Miami Beach police charged a man Monday with attempted arson after he threatened to burn down a condominium and “kill all the Jews” inside. On July 12, a woman beat a Hispanic man with a brick in Los Angeles and told him to go back to his country. In June, a man harassed a woman in Chicago in a public park for wearing a shirt with the Puerto Rico flag on it.
Though relatively rare, hate crimes have seen an increase in cities across the USA. In California alone, the number spiked 44 percent between 2014 and 2017, up to 1,093 hate crimes last year, the state’s attorney general’s office reported last week.
The total number of hate crimes in the 10 largest cities in America jumped in 2017, marking four straight years for an uptick in such incidents.
The Center for the Study of Hate and Extremism at California State University found a 12.5 percent increase in incidents reported by police last year in Chicago, Dallas, Houston, Los Angeles, New York, Philadelphia, Phoenix, San Antonio, San Diego and San Jose, California.
The number of hate crimes reported in those cities totaled 1,038, up from 923 in 2016, according to the May study. In New York, nearly half of hate crimes last year were committed against Jewish people. In Los Angeles, gay men were targeted most. And in Boston the largest demographic hit by hate crimes were African Americans.
Brian Levin, co-author of the report, attributed the recent increases to greater “incivility” in national politics, citing policies such as President Donald Trump’s travel ban from several majority-Muslim countries.
National events can also spur these types of crimes, according to Heidi Beirich, director of the intelligence project at the Southern Poverty Law Center. After the September 11, 2001 terror attacks, crimes against Muslim people were rampant, Beirich said. The FBI reported 8,063 hate crimes in 2000 and 9,730 in 2001.
“We know there can be triggering events and there can also be public figures who demonize vulnerable populations,” Beirich said.
Hate crimes are considered criminal acts motivated by prejudice based on race, religion, national origin, sexual orientation, gender identity and disability.
Levin also cited long-term increases in hate crime rates to demographic changes across the country, especially population increases in minority groups. According to the Pew Research Center, growth among Hispanic communities has accounted for half of USA population increase since 2000.
San Jose saw a 300 percent increase in hate crimes between 2014 and 2017, up to 44 hate crimes last year from 11 in 2014. Philadelphia rose more than 200 percent in the same time period, and Phoenix experienced a 25 percent increase.
The Center for the Study of Hate and Extremism forecasts a decline in hate crimes for the first half of 2018 from last year.
“You didn’t have the kind of conflicting election that you had in 2016 or a big terrorist attack,” Levin said.
Levin also referenced the Unite the Right rallies in Charlottesville in 2017 as another event that could have fueled hate crimes.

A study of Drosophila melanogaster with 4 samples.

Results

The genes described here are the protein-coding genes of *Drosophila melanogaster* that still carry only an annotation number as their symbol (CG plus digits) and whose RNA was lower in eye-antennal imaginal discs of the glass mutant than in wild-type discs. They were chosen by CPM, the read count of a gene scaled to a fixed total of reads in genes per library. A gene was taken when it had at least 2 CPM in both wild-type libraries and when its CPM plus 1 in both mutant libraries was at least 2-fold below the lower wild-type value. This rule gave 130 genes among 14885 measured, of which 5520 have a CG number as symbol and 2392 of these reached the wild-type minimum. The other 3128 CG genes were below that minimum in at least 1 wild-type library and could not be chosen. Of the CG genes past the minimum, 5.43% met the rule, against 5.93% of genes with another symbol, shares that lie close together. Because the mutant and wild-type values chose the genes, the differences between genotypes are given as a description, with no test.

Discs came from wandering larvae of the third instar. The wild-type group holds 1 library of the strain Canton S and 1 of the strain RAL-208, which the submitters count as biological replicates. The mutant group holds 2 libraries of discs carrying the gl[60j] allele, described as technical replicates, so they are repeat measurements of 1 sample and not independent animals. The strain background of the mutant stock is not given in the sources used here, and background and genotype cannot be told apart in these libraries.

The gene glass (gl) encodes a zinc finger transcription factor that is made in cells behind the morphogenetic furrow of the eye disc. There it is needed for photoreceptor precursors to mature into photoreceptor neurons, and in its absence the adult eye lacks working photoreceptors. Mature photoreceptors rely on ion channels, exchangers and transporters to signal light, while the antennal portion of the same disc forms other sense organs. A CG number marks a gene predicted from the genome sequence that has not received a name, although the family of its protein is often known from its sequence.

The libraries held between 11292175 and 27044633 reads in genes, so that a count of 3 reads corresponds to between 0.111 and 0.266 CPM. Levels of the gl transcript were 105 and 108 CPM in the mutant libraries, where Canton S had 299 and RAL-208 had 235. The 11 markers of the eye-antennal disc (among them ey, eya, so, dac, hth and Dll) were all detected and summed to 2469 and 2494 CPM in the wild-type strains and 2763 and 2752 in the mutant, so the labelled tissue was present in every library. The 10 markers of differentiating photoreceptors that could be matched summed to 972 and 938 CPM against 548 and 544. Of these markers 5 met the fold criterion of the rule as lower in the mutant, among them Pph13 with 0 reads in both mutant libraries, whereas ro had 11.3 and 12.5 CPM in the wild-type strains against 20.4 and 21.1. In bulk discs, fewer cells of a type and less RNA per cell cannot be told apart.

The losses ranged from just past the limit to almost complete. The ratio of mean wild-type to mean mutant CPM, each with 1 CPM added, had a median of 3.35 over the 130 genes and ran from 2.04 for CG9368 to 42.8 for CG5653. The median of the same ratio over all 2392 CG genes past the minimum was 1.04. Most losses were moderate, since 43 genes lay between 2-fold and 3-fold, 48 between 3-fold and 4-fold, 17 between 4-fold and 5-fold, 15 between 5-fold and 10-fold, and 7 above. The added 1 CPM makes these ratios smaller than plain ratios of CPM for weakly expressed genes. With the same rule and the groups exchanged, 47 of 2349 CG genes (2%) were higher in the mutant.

Levin said he cannot make predictions for the second half of 2018 because election years – including influential midterms – often lead to an uptick.
“Because of the election coming up and because of the uncertainty in the political world domestically as well as internationally, I would love to forecast a decline, but it’s kind of like being in the sixth inning of an Angels game,” Levin said. “We’re ahead three to nothing in the sixth, but all the big batters are coming up in the last three innings.”
Hate crimes increased in 2016, 2014, 2012, 2010 and 2008, according to the study.
The report also points to Russian-based ads on social media – using data from a USA TODAY analysis – as a catalyst for spikes in hate crimes. The rise in hate crimes in late 2016 was linked to a growth in Russian Facebook ad purchases designed to promote stereotypes about Muslim communities in the U.S.
“These stereotypes play a role in identifying who is accepted by the overall community as a legitimate target for aggression or derision,” Levin said. The Department of Justice declined to comment on the rise of hate crimes in the U.S.
Beirich said it is hard to address the rising rates of hate crimes especially because so many go unreported. According to the FBI, in 2015 law enforcement agencies reported 5,850 hate crimes across the country. According to the Bureau of Justice Statistics, which uses surveys to compile crime rates across the country, 207,880 hate crimes occurred in 2015.
“I hate to say this, but the data is so poor that it’s hard to know what hate crimes are happening in the U.S.,” Beirich said. “The data’s so bad it’s almost like a silent wave of crimes.”
One of the major challenges cities face is getting residents to report incidents.
“What if you’re a gay person in a state that doesn’t protect your employment with respect to sexual orientation and you report being a crime victim, and then you’re fired from your job,” Levin said. “Would you want to go to the police?”
Sgt. Vincent Lewis of the Phoenix Police Department said he believes his city’s increase in hate crimes is from more reporting rather than more incidents. He said greater community outreach makes more residents feel comfortable seeking help from police.
“When we have a better relationship with those communities and that education goes both ways, they start to come forward and report,” Lewis said. “That gives them a voice and allows them to come forward more often when incidents do occur.”